CERT Audit Identifies Top Billing Errors
You may or may not be surprised by what Trailblazer's Comprehensive Error Rate Testing (CERT) audit in Colo., N.M., Okla., and Texas found to be the top Part B billing errors.
Insufficient documentation errors because the documentation did not include the date of service, the patient's name, or a legible provider identifier are the most noteworthy.
Some claims fail simply because signature requirements are not met. Medicare requires records contain a signature or legible identifier for every service reported. Your physician's signature can be either handwritten or electronic, but stamped signatures (eg, rubber stamps) are not acceptable. Include a signature log if the signature isn't legible and an attestation statement if there is no signature at all. Other errors include:
- Incomplete hospital record (13 percent)
- Incomplete or missing plan of care
- Records for wrong date of service
- Incomplete physical, occupational, or speech therapy records
- Missing results for diagnostic or laboratory test
- The valid ICD-9-CM code submitted was insufficient
Medically Unnecessary Services
For Medicare to determine a service to be medically reasonable and necessary, that service must be:
- Safe and effective
- Not experimental or investigational
- Appropriate in duration and frequency
- Performed in accordance with accepted standards of medical practice
- Furnished in an appropriate setting
- Ordered and furnished by appropriate personnel
- Meeting but not exceeding the patient’s medical need
To be paid for diagnostic tests, the physician must order the test with the documentation providing evidence of intent for the tests to be performed. In other words, make sure the physician signs the documentation.
Incorrectly Coded Services
Not surprisingly, most incorrect coding errors reported by the CERT contractor are related to evaluation and management (E/M) services, including:
- E/M does not meet level required (66 percent)
- Services coded incorrectly
- Illegible documentation service was denied or down-coded
- Exam component not meeting the level required
- History component not meeting the level required
- Service not meeting the definition of a new patient
- Service not meeting the definition of critical care
F E A T U R E D S T O R Y
6 Ways to Avoid Denied Claims for Spine Procedures
Mona Kaul, chief coding and compliance officer of GENASCIS, shares the following six ways ambulatory surgery centers (ASCs) can better avoid denied claims on spine procedures, as seen in Becker's ASC Review.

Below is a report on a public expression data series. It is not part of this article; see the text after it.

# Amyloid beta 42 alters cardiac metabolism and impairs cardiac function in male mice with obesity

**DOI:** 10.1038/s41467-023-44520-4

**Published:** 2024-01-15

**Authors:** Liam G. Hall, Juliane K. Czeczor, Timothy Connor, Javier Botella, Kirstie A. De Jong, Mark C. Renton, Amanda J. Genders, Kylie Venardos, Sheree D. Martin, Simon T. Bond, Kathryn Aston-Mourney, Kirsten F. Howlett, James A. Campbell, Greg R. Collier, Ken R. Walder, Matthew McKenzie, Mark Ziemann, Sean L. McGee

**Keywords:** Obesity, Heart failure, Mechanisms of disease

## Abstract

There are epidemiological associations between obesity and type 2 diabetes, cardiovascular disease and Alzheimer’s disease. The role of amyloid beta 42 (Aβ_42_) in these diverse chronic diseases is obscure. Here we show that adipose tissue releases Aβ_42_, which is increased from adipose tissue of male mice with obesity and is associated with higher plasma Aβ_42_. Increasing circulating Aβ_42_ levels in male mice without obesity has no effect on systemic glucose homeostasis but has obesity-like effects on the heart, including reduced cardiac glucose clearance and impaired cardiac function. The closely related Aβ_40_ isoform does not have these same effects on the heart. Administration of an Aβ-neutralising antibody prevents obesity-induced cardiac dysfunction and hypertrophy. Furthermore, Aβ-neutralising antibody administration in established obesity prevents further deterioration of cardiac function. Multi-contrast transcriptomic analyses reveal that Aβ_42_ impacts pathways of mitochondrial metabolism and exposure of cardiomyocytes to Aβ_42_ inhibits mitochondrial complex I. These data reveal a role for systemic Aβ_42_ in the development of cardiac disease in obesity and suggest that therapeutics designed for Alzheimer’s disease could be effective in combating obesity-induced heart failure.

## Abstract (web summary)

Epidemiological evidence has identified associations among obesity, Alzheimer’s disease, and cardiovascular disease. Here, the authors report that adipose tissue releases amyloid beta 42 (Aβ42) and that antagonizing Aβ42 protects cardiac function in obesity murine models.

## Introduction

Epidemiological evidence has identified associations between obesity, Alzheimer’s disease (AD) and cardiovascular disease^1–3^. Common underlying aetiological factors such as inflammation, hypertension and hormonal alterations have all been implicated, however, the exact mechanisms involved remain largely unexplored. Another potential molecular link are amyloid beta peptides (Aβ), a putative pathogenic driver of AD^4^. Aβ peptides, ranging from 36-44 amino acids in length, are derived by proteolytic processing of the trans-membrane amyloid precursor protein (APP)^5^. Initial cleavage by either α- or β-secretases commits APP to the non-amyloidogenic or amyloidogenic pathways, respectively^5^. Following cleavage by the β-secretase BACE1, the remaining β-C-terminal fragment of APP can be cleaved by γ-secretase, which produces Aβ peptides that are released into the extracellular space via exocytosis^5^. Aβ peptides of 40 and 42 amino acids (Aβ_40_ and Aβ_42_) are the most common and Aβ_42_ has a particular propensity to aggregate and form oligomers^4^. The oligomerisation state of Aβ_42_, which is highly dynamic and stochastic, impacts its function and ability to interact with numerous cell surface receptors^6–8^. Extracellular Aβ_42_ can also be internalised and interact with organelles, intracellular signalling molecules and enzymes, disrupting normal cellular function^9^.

- Physicians must document all necessary information. When documenting, physicians should describe the surgical procedure in detail, allowing you to clearly visualize the entirety of the surgical encounter, including the approach used, and if the surgeon operated on more than one level. Physicians should also describe any implants or grafts used, and include details such as the type of implant and number of screws used.
- Amend documentation in writing. Ask the physician for clarification. Make sure changes to the chart are in writing and don't accept verbal direction.
- Differentiate the spine anatomy. In-depth knowledge of spinal anatomy allows a coder to differentiate between procedures such as laminotomy (hemilaminectomy) and laminectomy (unilateral) and to understand arthrodesis and instrumentation.
- Identify primary procedure and multiple procedures. Code the primary procedure first and then include the add-on code for each additional procedure. Do not use modifier 59 for add-on procedures.
- Locating spinal procedures in the CPT® codebook. Codes for the nervous system are available in two sections of the CPT® codebook: 22010-22865 and 61000-64999. Select the most appropriate code for the service rendered regardless of what section it is listed in.
- Understanding rules for implant billing. Be ready to use HCPCS Level II codes for implants when coding for an arthrodesis, as some payers may require. Be ready to share your implant invoices with the payer.
How Long Does It Take Your Payers to Certify Providers?
A major frustration of billing and practice management is assuring a new or existing provider is credentialed with a payer. Sometimes payers can take months to respond to the application.
AAPC Physician Services is curious. How long do you have to wait for a provider to be credentialed? Do you have regulations in your state preventing applications from languishing in the In Box? Please take a moment to complete our anonymous survey at http://www.surveymonkey.com/s/ZLS3PR2. We'll let you know what the results are.
FROM THE FIELD is thoughts and experiences from you the reader. If you have any tips, ideas, case studies or just anecdotes please submit them to us for future edtions.